Go Organic: Get your seed potatoes nowBy James Ashford
January 09, 2009
The shortest day is behind us thank goodness and we can start looking forward to the year ahead.
One of the things you should be doing now is buying your seed potatoes. If you have never grown your own spuds then you have really missed a treat.
They are one of the easiest vegetables there is to grow and few things taste quite as special as your own potatoes fresh from the soil.
They start life as seed potatoes, which are really just little tubers saved from last year’s crop.
You can save your own but it is usually safer to buy them from a certified disease free supplier.
In the past your only option was to buy seed potatoes in quite large bags, which was rather wasteful if you only wanted a few but now most good garden centres sell them as individual tubers in a kind of pick and mix arrangement.
It also means you’re able to grow more than one variety to make life a little bit more interesting.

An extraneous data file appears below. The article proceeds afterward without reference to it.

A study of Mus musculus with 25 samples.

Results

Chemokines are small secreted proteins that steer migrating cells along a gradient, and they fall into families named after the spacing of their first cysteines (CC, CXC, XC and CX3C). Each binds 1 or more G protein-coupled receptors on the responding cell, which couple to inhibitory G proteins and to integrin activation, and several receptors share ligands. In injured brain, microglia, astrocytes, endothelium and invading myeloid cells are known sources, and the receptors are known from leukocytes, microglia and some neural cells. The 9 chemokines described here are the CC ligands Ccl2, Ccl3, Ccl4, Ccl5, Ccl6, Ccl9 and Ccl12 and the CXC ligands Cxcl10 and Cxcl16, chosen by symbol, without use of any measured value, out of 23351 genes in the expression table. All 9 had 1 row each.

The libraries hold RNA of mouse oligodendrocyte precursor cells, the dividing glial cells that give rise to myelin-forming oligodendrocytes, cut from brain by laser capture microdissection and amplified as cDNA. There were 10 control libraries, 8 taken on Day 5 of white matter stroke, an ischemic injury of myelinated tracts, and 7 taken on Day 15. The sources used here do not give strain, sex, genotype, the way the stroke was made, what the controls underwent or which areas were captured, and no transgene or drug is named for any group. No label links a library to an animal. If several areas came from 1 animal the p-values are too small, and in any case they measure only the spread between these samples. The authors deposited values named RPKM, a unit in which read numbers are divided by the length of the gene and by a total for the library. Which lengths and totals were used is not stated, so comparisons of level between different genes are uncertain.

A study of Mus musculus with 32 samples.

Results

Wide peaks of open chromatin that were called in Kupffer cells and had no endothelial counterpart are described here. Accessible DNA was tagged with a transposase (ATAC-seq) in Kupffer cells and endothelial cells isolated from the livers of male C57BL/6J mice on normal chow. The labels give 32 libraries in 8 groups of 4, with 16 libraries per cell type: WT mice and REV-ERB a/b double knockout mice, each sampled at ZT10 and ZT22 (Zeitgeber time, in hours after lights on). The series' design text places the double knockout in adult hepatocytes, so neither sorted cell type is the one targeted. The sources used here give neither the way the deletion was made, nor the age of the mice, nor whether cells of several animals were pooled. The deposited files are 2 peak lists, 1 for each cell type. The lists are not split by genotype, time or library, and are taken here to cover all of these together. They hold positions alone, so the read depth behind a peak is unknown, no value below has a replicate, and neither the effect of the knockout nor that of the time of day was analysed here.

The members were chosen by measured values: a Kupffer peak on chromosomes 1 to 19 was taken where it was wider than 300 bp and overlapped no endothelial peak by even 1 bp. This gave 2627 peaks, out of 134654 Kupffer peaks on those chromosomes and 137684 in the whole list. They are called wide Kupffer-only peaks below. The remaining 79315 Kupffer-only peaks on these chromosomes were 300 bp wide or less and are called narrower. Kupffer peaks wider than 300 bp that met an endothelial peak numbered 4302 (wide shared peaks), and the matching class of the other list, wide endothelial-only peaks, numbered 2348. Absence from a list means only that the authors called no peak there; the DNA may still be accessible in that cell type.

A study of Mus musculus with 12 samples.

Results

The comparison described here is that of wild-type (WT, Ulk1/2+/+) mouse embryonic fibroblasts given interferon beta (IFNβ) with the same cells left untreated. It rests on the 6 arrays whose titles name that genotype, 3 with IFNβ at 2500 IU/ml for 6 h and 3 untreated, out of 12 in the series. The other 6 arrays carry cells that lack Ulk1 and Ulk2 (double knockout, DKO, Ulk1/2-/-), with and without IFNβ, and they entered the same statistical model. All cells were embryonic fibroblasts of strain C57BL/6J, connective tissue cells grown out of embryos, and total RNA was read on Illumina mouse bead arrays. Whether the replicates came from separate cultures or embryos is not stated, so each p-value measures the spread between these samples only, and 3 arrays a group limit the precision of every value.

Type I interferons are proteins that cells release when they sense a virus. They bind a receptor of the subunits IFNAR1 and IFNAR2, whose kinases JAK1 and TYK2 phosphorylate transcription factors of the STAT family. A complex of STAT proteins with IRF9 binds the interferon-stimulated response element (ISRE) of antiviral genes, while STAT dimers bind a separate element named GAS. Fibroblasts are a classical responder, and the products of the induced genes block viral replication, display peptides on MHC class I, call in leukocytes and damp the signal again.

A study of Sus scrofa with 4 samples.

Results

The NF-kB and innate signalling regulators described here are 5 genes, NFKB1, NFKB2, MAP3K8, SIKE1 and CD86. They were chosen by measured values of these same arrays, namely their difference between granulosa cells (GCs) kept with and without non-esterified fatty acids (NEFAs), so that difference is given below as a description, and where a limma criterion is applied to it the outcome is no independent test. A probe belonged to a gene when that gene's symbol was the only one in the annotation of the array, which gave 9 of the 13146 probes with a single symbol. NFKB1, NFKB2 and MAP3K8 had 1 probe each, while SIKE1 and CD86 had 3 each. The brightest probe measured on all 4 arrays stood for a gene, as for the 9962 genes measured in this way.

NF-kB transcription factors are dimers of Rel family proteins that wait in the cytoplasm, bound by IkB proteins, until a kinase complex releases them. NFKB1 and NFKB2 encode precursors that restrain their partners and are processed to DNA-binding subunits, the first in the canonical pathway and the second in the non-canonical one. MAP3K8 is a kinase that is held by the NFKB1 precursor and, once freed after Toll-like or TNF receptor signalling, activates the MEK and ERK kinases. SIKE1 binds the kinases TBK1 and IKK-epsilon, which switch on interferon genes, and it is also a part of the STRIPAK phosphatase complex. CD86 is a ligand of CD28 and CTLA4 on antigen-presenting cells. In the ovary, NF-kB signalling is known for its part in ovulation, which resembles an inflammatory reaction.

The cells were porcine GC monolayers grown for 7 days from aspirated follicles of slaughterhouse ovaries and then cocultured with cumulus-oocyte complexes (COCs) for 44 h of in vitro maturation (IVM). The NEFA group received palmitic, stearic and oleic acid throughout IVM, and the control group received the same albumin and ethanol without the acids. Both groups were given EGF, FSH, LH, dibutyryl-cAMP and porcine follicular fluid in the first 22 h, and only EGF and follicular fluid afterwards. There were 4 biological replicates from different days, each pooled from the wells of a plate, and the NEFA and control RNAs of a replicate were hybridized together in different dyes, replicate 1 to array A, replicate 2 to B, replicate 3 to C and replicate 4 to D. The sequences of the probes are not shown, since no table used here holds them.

If you are a real enthusiast you can even go to special potato days at places like Ryton Organic gardens in Coventry where they have up to 100 different varieties available to buy. This year it’s on Sunday, January 25, which is also Burns Day.
Potatoes are usually classified by when they are ready to harvest and so you have the choice of growing early (or new) potatoes, second earlies, main crop and, the odd one out, salad.
Potatoes practically grow themselves but you can help them on their way.
Unpack the tubers and spread them out in a light frost-free place.
The light starts their development and they will sprout tiny shoots in a process known as chitting. This helps them grow away more quickly when they go out into the ground.
Potatoes are traditionally planted out on Good Friday so that the Devil can’t blight them but any time in spring will do.
They are an ideal crop for new gardens because growing them actually helps break up the soil and makes it easier to work the following season.
For details of the Ryton potato day, call 024 7630 3517 or visit www.gardenorganic.org.uk.